Bill Gates only involved in Microsoft 'as much as Nadella wants him', says Chairman John Thompson

By Danny Palmer
27 May 2014 View Comments

That's according to Microsoft chairman - and the man who led the search to appoint a new CEO - John Thompson, who made the comments in an interview with The Wall Street Journal.


"The employee base in Microsoft, particularly the tens of thousands of engineers we have, are ecstatic that we have someone with Satya's background leading and guiding and managing our company," he continued, adding that Nadella has the final say on how involved in decision making company founder Gates now is.

"Bill is as involved as much as Satya wants him to be," he said.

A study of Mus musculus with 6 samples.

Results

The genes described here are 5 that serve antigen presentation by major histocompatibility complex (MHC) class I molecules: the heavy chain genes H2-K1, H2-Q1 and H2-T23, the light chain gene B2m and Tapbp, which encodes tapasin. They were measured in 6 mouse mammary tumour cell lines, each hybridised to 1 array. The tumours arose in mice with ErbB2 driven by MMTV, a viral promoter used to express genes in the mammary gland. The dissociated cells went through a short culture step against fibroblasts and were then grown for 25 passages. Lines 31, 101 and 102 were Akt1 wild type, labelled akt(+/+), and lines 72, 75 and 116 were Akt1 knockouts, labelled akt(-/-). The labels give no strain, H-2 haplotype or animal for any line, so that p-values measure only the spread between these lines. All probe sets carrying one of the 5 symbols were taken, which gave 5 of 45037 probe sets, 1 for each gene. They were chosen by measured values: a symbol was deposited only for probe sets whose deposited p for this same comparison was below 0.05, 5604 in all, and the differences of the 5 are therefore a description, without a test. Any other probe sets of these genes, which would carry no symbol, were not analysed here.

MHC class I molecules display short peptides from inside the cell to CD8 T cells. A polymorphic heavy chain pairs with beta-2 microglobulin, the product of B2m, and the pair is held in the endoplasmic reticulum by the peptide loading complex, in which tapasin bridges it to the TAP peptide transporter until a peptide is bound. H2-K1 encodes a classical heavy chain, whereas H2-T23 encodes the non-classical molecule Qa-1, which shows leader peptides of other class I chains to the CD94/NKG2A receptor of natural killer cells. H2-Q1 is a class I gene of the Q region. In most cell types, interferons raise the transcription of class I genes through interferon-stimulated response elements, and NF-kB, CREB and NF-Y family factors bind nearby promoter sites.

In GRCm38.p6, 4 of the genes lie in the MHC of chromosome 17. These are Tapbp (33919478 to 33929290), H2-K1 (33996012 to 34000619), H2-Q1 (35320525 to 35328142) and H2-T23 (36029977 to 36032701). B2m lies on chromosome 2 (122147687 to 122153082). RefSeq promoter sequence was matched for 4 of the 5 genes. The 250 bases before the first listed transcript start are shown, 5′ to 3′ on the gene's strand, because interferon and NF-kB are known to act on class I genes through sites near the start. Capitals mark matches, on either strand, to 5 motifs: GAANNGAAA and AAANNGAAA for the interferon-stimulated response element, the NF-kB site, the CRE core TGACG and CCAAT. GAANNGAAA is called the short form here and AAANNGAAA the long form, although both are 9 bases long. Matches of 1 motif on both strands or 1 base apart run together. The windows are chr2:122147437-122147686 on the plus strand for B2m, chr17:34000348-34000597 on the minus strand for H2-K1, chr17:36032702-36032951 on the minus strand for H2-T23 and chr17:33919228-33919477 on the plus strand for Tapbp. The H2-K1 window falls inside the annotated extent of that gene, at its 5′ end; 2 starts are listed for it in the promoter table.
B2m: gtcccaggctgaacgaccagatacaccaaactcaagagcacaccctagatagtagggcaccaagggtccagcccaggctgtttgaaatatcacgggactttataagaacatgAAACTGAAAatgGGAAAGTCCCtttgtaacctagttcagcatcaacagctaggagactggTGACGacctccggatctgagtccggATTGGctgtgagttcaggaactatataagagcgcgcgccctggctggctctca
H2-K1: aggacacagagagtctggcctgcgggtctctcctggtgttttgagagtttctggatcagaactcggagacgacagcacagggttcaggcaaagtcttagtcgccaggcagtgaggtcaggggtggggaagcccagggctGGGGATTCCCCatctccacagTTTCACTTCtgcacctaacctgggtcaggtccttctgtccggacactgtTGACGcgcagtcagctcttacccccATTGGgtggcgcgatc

Thompson also told WSJ that the marketplace will start to become more aware of Microsoft's new direction - one which sees cloud and mobile software take centre stage - as Nadella's influence on decisions becomes more apparent over the course of this year.

"Satya is still defining and tuning what he wants the ultimate strategy of the company to be, and over the course of the next three to six months, that will clearly become more visible to the marketplace at large," he said, before describing the cloud-based Microsoft Office 365 suite as the company's "foundational offering".

Thompson also dismissed suggestions that cloud technology represents a security risk. The Microsoft chairman argued that businesses shouldn't blame technology for high profile cases of data being leaked - such as Edward Snowden releasing information stored by the US National Security Agency - but rather the individual that takes the decision to leak it.

"What the Snowden scenario proved is that the weakest link is not the technology, the weakest link is the individual, we shouldn't kid ourselves," he said.